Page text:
THE Eastbourne teacher who eloped to France with his 15-year-old pupil girlfriend in September last year declined to give evidence in court today (Wednesday June, 19).
Jeremy Forrest, 30, formerly of Broyleside Cottages, Ringmer, and a maths teacher at Bishop Bell School in Eastbourne has denied one count of child abduction.
During the trial the court heard that a defence case statement had not been prepared and that Forrest was submitting only character statements written by friends and family.
While the statements were read out by his defence counsel, Ronald Jaffa, Forrest, his mother and sister all wept.
In a statement from Forrest’s sister, Carrie Hanspaul, she said: “Jeremy and I were very close growing up. For a number of years it was just the two of us until our younger brother Thomas was born.
“Jeremy has always been the quietest of us all. He is very good natured and extremely mild mannered. He never has a bad word to say about anyone, and always strives to do whatever he can to help other people and care for them. Unfortunately, I believe this has contributed to his recent actions.
“Jeremy has been in a difficult relationship for the last six years, but did not want to worry any of his family especially our parents, with his problems. Instead he withdrew more and more and tried to deal with the issues himself. I believe he became more and more depressed.”
Forrest’s best friend, Dale Ives-Routleff, sent a statement from Abu Dhabi where he is currently working.
He wrote: “I have known Jeremy for almost 18 years and in that time we have always been very close and he has been like a brother to me, I was also best man at his wedding.”
Mr Ives-Routleff went on to say that during the last three to four years he had noticed a big change in his friend’s demeanour “as he became a much quieter and more withdrawn version of himself.”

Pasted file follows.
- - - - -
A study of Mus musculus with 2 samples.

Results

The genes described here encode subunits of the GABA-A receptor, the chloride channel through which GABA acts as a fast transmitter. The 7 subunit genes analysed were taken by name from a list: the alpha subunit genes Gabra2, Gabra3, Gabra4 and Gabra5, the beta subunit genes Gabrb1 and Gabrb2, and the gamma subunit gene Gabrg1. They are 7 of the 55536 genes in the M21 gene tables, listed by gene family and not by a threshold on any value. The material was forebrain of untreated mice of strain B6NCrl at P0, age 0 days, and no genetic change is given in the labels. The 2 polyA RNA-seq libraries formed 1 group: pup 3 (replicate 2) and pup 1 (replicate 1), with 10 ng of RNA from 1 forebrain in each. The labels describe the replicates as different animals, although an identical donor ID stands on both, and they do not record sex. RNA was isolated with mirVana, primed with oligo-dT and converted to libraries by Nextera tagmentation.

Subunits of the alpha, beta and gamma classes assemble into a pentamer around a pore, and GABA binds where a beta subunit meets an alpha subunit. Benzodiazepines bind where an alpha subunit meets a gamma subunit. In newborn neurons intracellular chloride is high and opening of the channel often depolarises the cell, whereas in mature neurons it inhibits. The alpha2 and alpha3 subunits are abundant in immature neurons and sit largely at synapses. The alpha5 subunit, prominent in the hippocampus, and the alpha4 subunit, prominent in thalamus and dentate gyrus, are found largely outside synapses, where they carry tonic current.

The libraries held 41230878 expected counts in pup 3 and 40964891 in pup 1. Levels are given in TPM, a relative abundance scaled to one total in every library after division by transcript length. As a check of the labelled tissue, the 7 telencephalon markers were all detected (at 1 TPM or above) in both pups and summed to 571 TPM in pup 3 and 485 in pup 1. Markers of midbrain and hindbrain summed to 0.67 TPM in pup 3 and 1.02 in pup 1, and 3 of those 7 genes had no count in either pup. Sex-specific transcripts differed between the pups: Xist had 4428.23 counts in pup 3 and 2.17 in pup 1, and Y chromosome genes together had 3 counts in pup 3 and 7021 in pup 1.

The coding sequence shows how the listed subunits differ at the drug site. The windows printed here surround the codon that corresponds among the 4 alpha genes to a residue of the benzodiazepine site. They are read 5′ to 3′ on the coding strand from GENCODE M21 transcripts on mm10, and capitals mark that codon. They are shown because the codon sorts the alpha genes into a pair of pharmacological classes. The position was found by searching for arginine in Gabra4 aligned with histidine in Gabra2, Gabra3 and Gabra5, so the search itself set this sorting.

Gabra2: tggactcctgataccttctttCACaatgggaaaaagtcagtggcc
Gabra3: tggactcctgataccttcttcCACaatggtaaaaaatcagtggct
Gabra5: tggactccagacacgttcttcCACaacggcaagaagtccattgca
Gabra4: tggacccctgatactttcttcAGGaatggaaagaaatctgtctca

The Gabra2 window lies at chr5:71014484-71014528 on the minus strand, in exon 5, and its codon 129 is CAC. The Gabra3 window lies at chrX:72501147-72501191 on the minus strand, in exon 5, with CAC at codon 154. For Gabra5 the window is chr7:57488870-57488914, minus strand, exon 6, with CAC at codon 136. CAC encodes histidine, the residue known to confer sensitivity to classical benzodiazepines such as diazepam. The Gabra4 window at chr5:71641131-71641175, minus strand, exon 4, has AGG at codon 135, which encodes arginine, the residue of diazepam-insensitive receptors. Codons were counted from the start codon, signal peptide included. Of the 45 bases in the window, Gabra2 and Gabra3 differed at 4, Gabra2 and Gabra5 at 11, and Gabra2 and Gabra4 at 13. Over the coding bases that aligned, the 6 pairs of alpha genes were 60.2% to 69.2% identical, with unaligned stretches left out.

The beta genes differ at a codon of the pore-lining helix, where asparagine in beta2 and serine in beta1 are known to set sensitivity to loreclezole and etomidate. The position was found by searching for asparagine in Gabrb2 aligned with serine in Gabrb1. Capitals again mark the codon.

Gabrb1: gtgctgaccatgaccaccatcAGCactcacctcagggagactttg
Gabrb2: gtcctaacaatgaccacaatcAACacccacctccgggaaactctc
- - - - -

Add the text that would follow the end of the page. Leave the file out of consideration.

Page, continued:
He said Forrest didn’t go out as much and was much harder to engage in conversations and jokes the two usually shared.
The friend added: “During Christmas, 2011, I really got an idea as to the reasons for this change in him. He was visiting me at home and was even more withdrawn than he had been previously. This concerned me greatly and when pressed he effectively broke down and admitted he was unhappy at home and described his home life as ‘miserable, lonely and depressing.’”
A former colleague from Bishop Bell C of E School also spoke highly of Forrest.
Benedict Beaumont was an ICT and history teacher at the school from September 2006 until October 2011. The men became good friends and lift shared for two years.
He said: “Jeremy was one of the most gifted teachers that I have ever met. He was a natural communicator and he made maths fun and interesting. His classrooms were always buzzing with energy and hard work, but pupils enjoyed working for him.
“He was popular with pupils and staff at the school, but more importantly was respected by everyone as a talented and conscientious teacher.
“He is still relatively young, but had a very bright future in teaching ahead of him.”
Susan Pinder was in a senior position at a school in Bromley where Forrest took up his first teaching post.
She wrote: “I am aware that Jeremy has been charged with abduction and is currently on remand at Lewes Prison where we have been in regular correspondence and where I have visited him.
“During his time in prison, Jeremy has been able to use his teaching expertise to assist other prisoners in developing their own literacy and numeracy skills – something that must be unique and demonstrates the respect that both other inmates and prison personnel have for Jeremy.”
Forrest’s mother’s cousin who is a serving police officer also wrote a statement.
Terry Meegan said: “When the news broke about Jeremy (and his student) going off to France, I was very shocked because in all the years I have known him, he has never broken the law and I know he has always supported law and order.
“In all the years I have known Jeremy I have never heard him complain about having to go that extra yard to help someone out.
“In fact I have never known Jeremy to say a bad word about anybody and he was always willing to accept people’s different viewpoints.”
John Forrest, the defendant’s paternal uncle, said: “I have known Jeremy all his life. In the last four years, I have noticed a change in Jeremy’s personality in that he had become withdrawn and generally unhappy. I believe Jeremy is a gentle and responsible person who does not pose a threat to another person.
“He is deeply upset by the position in which he finds himself and is embarrassed and remorseful about the upset which he has caused to his friends and family.”